Chlamydophila psittaci


(klă-midō-filă si-tasī)
Organisms that resemble C. trachomatis but do not produce glycogen. Various strains of this species cause psittacosis in humans and ornithosis in birds. Also called Chlamydia psittaci (q.v.).
Medical Dictionary for the Health Professions and Nursing © Farlex 2012

Chlamydophila psittaci

A species of Chlamydophila common in birds and animals. Pet owners, pet shop employees, poultry workers, and workers in meat-processing plants are frequently exposed to C. psittaci.

Symptoms

After an incubation period of 5 to 15 days, nonspecific symptoms (e.g., malaise, headache, fever) develop; progression to pneumonia is serious and may be fatal. Alternatively, the disease may resemble infectious mononucleosis with fever, pharyngitis, hepatosplenomegaly, and adenopathy. Severity may vary from inapparent to mild to fatal systemic disease.

Prognosis

The fatality rate is approx. 20% in untreated patients.

Treatment

Treatment consists of tetracycline or doxycycline for 10 to 21 days.

See also: Chlamydophila
Medical Dictionary, © 2009 Farlex and Partners
References in periodicals archive ?
The ELISA test kit for avian C. psittaci (ImmunoComb[c]) used detects immunoglobulin G antibodies (IgG) against C.
Together with the confirmed C. psittaci infection in patient 2, the absence of a common pathogen signature strongly suggests that the cases were unrelated.
Since descriptions of infectious diseases in toucans and aracaris are lacking in veterinary literature, the proposal of this case report is to describe serological findings associated with the detection of C. psittaci in ramphastids and contributes to the understanding of the epidemiology of this disease.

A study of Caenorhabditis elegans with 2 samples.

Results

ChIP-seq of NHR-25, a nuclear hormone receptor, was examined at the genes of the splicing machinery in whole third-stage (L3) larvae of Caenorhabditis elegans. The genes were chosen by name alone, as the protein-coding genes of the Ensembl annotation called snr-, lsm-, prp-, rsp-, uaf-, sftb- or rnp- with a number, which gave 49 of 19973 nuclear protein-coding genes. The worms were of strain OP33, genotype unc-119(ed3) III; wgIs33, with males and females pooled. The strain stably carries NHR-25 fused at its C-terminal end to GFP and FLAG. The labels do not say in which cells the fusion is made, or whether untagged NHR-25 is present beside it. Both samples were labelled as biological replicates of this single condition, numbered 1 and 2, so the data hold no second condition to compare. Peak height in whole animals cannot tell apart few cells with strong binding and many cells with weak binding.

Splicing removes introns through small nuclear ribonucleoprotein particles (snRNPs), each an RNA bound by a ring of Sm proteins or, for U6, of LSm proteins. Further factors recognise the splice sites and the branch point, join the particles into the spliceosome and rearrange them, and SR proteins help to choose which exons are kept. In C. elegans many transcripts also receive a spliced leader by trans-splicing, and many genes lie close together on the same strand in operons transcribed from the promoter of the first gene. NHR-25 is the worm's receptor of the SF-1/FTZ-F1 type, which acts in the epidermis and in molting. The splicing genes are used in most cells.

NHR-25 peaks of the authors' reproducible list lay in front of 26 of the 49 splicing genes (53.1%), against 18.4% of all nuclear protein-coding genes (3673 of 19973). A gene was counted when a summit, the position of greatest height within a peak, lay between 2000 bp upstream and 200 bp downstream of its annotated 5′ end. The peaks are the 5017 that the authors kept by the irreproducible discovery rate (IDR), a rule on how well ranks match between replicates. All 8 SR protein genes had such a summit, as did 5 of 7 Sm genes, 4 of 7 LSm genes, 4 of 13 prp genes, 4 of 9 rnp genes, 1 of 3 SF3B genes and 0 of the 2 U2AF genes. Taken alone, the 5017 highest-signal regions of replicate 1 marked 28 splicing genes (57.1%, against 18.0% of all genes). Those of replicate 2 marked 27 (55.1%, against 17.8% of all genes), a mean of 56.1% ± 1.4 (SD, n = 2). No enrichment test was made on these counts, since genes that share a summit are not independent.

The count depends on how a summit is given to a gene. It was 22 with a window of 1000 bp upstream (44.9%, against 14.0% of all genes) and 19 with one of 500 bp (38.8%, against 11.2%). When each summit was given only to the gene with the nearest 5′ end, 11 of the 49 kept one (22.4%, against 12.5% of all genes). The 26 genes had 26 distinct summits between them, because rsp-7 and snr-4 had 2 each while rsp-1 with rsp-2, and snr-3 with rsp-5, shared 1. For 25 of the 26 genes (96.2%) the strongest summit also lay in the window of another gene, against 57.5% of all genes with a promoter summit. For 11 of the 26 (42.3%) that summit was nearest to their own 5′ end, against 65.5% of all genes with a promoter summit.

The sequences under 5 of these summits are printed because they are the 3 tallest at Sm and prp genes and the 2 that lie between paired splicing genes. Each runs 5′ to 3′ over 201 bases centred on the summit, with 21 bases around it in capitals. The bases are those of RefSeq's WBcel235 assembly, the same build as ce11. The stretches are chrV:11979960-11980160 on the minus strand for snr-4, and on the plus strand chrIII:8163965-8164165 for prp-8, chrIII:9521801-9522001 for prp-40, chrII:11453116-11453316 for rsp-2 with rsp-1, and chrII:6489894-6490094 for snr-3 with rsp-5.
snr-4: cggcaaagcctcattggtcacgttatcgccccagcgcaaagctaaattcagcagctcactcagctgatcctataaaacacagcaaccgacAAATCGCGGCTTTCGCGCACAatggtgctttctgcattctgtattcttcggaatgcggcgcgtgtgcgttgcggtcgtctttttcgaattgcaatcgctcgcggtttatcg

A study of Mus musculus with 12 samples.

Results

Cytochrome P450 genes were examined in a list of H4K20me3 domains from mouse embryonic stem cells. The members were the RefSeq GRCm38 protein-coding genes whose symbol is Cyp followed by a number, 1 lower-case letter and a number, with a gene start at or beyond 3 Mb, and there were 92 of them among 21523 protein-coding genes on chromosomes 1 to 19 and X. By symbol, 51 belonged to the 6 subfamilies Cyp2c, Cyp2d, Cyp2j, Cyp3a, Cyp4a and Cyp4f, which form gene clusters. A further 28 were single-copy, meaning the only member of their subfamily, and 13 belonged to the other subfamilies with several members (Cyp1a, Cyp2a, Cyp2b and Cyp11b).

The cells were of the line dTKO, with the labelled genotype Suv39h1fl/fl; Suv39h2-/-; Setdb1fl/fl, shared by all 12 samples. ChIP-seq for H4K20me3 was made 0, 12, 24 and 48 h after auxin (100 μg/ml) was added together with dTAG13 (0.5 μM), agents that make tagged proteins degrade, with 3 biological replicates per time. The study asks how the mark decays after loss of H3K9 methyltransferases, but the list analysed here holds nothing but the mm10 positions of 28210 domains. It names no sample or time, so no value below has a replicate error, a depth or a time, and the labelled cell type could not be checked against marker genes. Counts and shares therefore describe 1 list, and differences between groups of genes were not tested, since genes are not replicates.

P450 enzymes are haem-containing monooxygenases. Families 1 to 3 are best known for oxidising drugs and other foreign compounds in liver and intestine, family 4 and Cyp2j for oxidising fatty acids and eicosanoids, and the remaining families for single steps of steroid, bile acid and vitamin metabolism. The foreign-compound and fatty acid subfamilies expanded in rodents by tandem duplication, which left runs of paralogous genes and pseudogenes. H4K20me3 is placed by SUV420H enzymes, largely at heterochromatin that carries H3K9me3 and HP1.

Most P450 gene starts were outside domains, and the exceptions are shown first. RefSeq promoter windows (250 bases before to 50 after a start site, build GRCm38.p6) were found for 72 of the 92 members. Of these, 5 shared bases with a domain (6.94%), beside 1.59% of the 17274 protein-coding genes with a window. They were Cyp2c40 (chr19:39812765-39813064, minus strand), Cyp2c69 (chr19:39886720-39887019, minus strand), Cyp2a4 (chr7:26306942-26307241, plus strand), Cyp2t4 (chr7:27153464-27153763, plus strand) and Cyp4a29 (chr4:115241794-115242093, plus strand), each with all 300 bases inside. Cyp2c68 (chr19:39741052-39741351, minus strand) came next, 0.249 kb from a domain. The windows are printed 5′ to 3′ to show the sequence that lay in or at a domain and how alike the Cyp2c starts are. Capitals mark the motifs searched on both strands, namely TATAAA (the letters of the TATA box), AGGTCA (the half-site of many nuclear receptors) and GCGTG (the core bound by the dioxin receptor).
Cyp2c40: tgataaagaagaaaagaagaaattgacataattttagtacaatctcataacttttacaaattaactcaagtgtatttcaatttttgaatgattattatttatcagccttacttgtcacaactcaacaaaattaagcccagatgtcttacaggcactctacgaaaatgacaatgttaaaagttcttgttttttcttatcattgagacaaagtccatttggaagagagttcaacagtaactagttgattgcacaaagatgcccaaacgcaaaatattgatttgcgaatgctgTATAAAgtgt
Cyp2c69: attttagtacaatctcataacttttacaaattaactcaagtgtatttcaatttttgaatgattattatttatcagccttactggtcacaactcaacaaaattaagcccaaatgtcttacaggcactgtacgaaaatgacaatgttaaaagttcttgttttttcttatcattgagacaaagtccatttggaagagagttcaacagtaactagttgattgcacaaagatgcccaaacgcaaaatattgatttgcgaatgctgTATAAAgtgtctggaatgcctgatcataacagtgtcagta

C. psittaci INFECTION AMONG BIRDS (AVIAN CHLAMYDIOSIS)
trachomatis HSP60 can actually lead to inflammation and scarring in humans as C. psittaci does in guinea pigs, but Stephens suspects that it could.
The detection of C. psittaci antibodies was also performed to assure that there is no current infection in the hornbills to make the initial reports of hematological and serum biochemical values valid.
In our previous study (6), we tested for only C. psittaci and C.
(2002) demonstraram a evidencia de infeccao por C. psittaci em aves do genero Amazona, utilizando 95 individuos cativos, aparentemente saudaveis, de tres estados brasileiros.
However, this problem may occur more often than reflected by reported cases because 1) persons infected with C. psittaci may be only mildly symptomatic and not seek medical attention; 2) physicians may not elicit a history of bird exposure when evaluating patients because the diagnosis may not be suspected or because patients may not recall transient bird exposure; 3) convalescent-phase serum samples may not be obtained on patients who show clinical improvement on therapy; and 4) prompt initiation of appropriate antibiotic therapy may blunt the antibody response to C.
Since the samples obtained came from Ninoy Aquino Parks and Wildlife Nature Center, which houses a number of avian species, it is imperative that the presence of C. psittaci antibodies are to be determined within the samples.
C. psittaci can infect 465 avian species in 30 avian orders, with at least 153 species in the order Psittaciformes (5).